Lebanon and Israel have started talks to settle a maritime border dispute between them
Lebanon and Israel, still technically at war, began unprecedented talks sponsored by the United Nations and the United States on Wednesday to settle a maritime border dispute and clear the way for oil and gas exploration.
Following years of US shuttle diplomacy, Lebanon and Israel this month said they had agreed to begin UN-brokered negotiations, in what Washington hailed a “historic” agreement.
The talks, held at a base of UN peacekeeping force UNIFIL in the Lebanese border town of Naqura, come weeks after Bahrain and the United Arab Emirates became the first Arab states to establish relations with Israel since Egypt in 1979 and Jordan in 1994.
This has prompted suspicions that the flurry of US-sponsored diplomacy relating to Israel is linked to President Donald Trump’s re-election campaign.
The Naqura talks, which will focus exclusively on the disputed sea frontier, come at a sensitive time as Lebanon, battered by multiple crises, hopes to continue exploring for oil and gas in a part of the Mediterranean also claimed by Israel.
The talks started at 10:30 am (0730 GMT), with roads in the area blocked by UNIFIL and the Lebanese army and helicopters flying overhead.
US envoy David Schenker will facilitate the opening session along with US ambassador to Algeria John Desrocher, who will mediate in the talks.
Israel has said that there will be “direct negotiations”, something Lebanese officials have denied.
It is expected the two delegations will be sitting in the same hall.
Israel is sending a six-member team, including the director general of its energy ministry, Prime Minister Benjamin Netanyahu’s foreign policy adviser and the head of the army’s strategic division.
Lebanon’s four-member delegation comprises two army officers, an official and a maritime border law expert.
Israel and Lebanon have no diplomatic relations and this week’s talks are a rare official interaction.
Lebanon insists that the negotiations are purely technical and don’t involve any soft political normalization with Israel.
Lebanon’s main Shiite parties Hezbollah and Amal issued a statement late Tuesday bemoaning the presence of civilians in the Lebanese negotiating team.
“This harms Lebanon’s position and interests… and amounts to giving in to the Israeli logic that seeks some form of normalization,” they said.
Lebanon, mired in its worst economic crisis since the 1975-1990 civil war, is looking to settle the maritime border dispute so it can press its offshore quest for oil and gas.
In February 2018, Lebanon signed its first contract for drilling in two blocks in the Mediterranean with a consortium comprising energy giants Total, ENI and Novatek.
Exploration of one of the blocks is more controversial as part of it is located in an 860-square-kilometre (330-square-mile) area claimed by both Israel and Lebanon.
A senior source at Israel’s energy ministry told AFP that the border dispute “can be concluded hopefully in a few months’ time.”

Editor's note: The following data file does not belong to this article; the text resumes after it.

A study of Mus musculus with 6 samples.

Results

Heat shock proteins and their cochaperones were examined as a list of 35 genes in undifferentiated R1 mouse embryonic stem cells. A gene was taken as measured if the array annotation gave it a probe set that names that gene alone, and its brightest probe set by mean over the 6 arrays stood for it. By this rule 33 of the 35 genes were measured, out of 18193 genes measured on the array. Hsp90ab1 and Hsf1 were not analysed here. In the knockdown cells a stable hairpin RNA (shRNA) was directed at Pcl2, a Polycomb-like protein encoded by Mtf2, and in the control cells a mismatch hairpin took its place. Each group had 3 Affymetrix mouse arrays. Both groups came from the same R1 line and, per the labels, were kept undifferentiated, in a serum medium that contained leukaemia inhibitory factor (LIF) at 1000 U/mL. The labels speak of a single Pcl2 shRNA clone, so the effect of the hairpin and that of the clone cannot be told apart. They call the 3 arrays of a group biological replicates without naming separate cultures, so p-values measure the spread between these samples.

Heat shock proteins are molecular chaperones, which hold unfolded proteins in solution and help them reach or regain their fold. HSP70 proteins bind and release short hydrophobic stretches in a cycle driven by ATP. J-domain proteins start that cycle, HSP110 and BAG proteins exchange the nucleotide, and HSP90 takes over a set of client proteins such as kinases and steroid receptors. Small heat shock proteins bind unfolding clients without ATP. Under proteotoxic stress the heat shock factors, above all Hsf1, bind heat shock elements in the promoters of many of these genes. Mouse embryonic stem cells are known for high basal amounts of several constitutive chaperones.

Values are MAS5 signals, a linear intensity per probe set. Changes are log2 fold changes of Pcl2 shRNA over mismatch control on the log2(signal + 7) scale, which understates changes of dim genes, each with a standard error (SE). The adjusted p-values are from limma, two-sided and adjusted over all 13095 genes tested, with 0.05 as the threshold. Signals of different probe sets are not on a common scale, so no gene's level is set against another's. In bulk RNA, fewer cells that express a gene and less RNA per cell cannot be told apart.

“This is a limited effort to resolve a well-defined, limited problem,” he said.
“We have no illusions. Our aim is not to create here some kind of normalization or peace process.”
Hilal Khashan, a political science professor at the American University of Beirut, said that an agreement between the two sides is the “best option for Lebanon so that it could start work in Block 9”.
But he questioned the timing, saying it was likely scheduled by the Trump administration ahead of presidential elections so it can chalk up a “new foreign policy accomplishment”.
Reactions to the talks have been mixed in Lebanon, still reeling from a huge August 4 explosion at Beirut port that killed more than 190 people and dealt another crippling blow to Lebanon’s economy.
Hezbollah critics on social media have described the talks as contrasting with the powerful Iran-backed movement’s anti-Israel stance.
The pro-Hezbollah Al-Akhbar daily on Monday called them “a moment of unprecedented political weakness for Lebanon”, arguing that Israel is the real “beneficiary”.
Hezbollah is both an armed group that has fought several wars against Israel and a major force in Lebanese politics, with seats in parliament.
On Thursday, its parliamentary bloc stressed that demarcating Lebanon’s disputed maritime border with Israel does not signify “reconciliation” or “normalization”.
Following a 2006 war, regular talks between Israeli and Lebanese army officers were reestablished under UNIFIL’s auspices.
As well as the discussions on the maritime border to be facilitated by the US, a UNIFIL-brokered track is also due to address outstanding land border disputes.
Khashan of AUB said these negotiations would be more complex as they would undoubtedly raise the issue of the formidable arsenal held by Hezbollah, the only Lebanese group not to have disarmed after the civil war.
“Hezbollah will not agree to give up its arsenal,” he said.